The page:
The fate of Gov. Rod Blagojevich may have Springfield, Ill., in a tizzy, but it's the fate of President-elect Barack Obama's Senate seat that has Washington captivated, especially since it may provide the GOP with its first opportunity to take advantage of Democrats' misfortune.
In the immediate wake of prosecutor Patrick Fitzgerald's press conference on Dec. 9, Democrats and Republicans united around the idea of stripping the Illinois governor of his ability to appoint Obama's successor. But just how that new senator will get to Washington is quickly becoming a polarizing issue. While many Democrats have embraced the idea of a special election -- in fact, Sen. Richard Durbin was one of the first to suggest it -- other prominent Democrats have cooled to the idea, worried that it could give Republicans an opportunity to pick up what should be a safe Democratic seat. Instead, they'd like to see the power to appoint the newest senator in the state go to Democratic Lt. Gov. Pat Quinn.
Illinois Republicans, meanwhile, seem to have awakened from their moribund state and are actively pushing for a special election. They've even started running an ad on cable TV ("People's Seat") that tells viewers they "deserve more than another power grab" by Quinn, and "deserve a special election" to "give the 'people's seat' back to Illinois."
Political concerns aren't the only complications for a special election. The state's county clerks have begun to balk at the high cost, which has been estimated at anywhere from $30 million to $50 million.
There was talk over the weekend that Blagojevich may be convinced to sign away his power to appoint a new senator as long as there was a special election provision. In other words, if he can't have this appointment, then no one else can, either. But on Monday night, the state legislature, which is controlled by Democrats, adjourned until Jan. 12 without putting forward a special election plan.
So, just how worried should Democrats be -- or how hopeful should Republicans really get -- if a special election actually does happen? After all, Illinois Republicans haven't won a Senate race -- or even fielded a serious contender -- in 10 years.
First, there's the "guilt by association" theory. Republicans hope anyone with a "D" behind his or her name can be associated with the disgraced governor. There are certainly some for whom that could be the case: Rep. Jesse Jackson Jr. may have done nothing wrong or illegal, but the mere fact that he's been linked with Blagojevich at all puts his statewide hopes on ice. That most Democrats have kept their distance from Blagojevich over the last couple of years, however, makes it harder to tie the unpopular governor to his own colleagues. In fact, Quinn says he hasn't talked to his boss since 2007.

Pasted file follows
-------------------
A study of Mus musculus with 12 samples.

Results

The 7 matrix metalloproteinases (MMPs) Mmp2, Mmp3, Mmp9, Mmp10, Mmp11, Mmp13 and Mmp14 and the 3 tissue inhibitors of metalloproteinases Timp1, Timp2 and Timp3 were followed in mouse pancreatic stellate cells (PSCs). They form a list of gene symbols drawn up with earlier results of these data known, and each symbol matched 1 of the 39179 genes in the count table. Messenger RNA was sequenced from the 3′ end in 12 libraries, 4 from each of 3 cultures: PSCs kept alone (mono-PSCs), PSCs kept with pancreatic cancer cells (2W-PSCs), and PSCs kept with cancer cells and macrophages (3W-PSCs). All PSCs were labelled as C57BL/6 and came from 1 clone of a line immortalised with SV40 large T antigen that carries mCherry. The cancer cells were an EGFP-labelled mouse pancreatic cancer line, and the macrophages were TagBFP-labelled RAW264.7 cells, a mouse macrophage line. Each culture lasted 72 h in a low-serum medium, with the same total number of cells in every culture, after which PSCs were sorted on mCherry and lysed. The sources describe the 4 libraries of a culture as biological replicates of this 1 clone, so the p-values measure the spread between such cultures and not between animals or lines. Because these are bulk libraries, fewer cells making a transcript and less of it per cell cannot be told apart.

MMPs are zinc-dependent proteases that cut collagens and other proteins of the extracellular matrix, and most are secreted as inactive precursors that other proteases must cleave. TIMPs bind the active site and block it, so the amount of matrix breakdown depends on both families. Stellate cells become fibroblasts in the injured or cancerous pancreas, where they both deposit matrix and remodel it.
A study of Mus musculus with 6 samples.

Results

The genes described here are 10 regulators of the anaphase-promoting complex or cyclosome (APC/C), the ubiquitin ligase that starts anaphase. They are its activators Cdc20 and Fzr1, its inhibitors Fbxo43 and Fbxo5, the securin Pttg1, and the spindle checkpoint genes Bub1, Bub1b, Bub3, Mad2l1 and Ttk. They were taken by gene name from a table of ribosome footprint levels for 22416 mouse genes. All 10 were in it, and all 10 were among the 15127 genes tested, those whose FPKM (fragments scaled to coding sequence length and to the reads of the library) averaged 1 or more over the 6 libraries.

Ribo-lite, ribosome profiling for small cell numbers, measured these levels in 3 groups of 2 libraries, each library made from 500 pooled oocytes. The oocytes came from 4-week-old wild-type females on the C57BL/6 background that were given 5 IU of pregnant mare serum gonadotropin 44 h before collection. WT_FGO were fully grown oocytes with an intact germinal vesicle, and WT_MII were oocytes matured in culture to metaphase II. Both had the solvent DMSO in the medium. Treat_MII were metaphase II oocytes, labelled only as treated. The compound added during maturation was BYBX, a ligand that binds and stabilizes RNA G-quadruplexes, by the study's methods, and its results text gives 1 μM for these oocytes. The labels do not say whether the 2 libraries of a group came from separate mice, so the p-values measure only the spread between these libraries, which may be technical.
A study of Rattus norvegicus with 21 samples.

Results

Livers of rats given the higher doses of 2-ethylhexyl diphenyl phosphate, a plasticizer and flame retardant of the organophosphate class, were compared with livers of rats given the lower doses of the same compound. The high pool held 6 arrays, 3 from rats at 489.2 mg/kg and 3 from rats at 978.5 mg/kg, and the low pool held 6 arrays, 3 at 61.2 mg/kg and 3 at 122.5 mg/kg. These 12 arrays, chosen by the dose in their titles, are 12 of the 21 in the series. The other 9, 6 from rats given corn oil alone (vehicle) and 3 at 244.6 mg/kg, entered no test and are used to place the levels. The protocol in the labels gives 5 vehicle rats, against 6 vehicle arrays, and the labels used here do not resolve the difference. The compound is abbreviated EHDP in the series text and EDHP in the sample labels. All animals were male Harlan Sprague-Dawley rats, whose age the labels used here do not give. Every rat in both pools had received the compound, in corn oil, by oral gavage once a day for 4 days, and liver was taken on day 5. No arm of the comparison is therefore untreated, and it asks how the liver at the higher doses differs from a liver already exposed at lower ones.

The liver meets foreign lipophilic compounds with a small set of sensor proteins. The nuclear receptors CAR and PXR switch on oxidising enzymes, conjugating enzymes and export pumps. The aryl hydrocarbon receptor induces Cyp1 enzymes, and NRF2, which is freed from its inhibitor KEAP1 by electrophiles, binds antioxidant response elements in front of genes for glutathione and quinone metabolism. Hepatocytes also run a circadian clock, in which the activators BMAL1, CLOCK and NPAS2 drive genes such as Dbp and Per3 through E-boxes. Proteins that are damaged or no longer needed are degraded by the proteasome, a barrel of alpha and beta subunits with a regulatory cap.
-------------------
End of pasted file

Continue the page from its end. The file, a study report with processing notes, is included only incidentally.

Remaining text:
The bigger problem for Democrats is that a crowded field makes for an unpredictable outcome. At this point, almost every Democrat in the delegation has been mentioned as a potential contender. Most of them represent Chicago, including Reps. Danny Davis, Jan Schakowsky, Luis Gutierrez and Jackson. This leaves a very appealing niche for a non-Chicago candidate. Rep. Melissa Bean, a moderate from the northwest suburbs, would likely lose in a one-on-one contest against a Chicago liberal. But a field crowded with Chicago-based candidates gives her an opening.
Another intriguing candidate is Attorney General Lisa Madigan. On Sunday, she told "Meet The Press" moderator David Gregory that she hadn't "even thought about" the Senate seat. By Monday morning, however, Madigan told a local radio station that she's not interested in the seat "at this point." Still, the fact that a special election isn't likely to take place until April makes "at this time" a very flexible statement indeed.
Among Republicans, Rep. Mark Kirk is mentioned most often. His moderate profile and ability to succeed in a Democratic stronghold make him an appealing pick. Also interested, however, is Rep. Peter Roskam. Like Kirk, Roskam comes from the Chicago suburbs, but he's more socially conservative, which would give him an advantage in a primary.
The quality of the candidates who emerge from the primaries would be important. But just how much money the candidates and their respective campaign committees can raise is also a valid question. Kirk, Roskam and Bean have faced competitive elections in the last two cycles and thus have a proven history of raising significant funds for a general election. Madigan has state name ID, but she's not had to raise money under federal election law, which is much more restrictive than raising money for state elections.
A special election also puts Obama in a tough spot. While he managed to stay out of the fray in the recent Georgia Senate runoff, there's little chance he could avoid getting involved this time. By April or May, Obama would also be well into his first term. He could be riding high or struggling badly. Either way, a special election for his seat could be seen as a referendum on his first few months in office.
In the end, we may never get the chance to see a special election. In that case, the question becomes just how effective the GOP will be in helping to create a grassroots backlash to the appointment process. This could help give them an advantage in November 2010, when the person who ultimately fills this seat has to defend it. It could also help other governors facing a Senate vacancy, like David Paterson in New York and Ruth Ann Minner in Delaware, assess just what kind of backlash they or their appointees may feel in the future.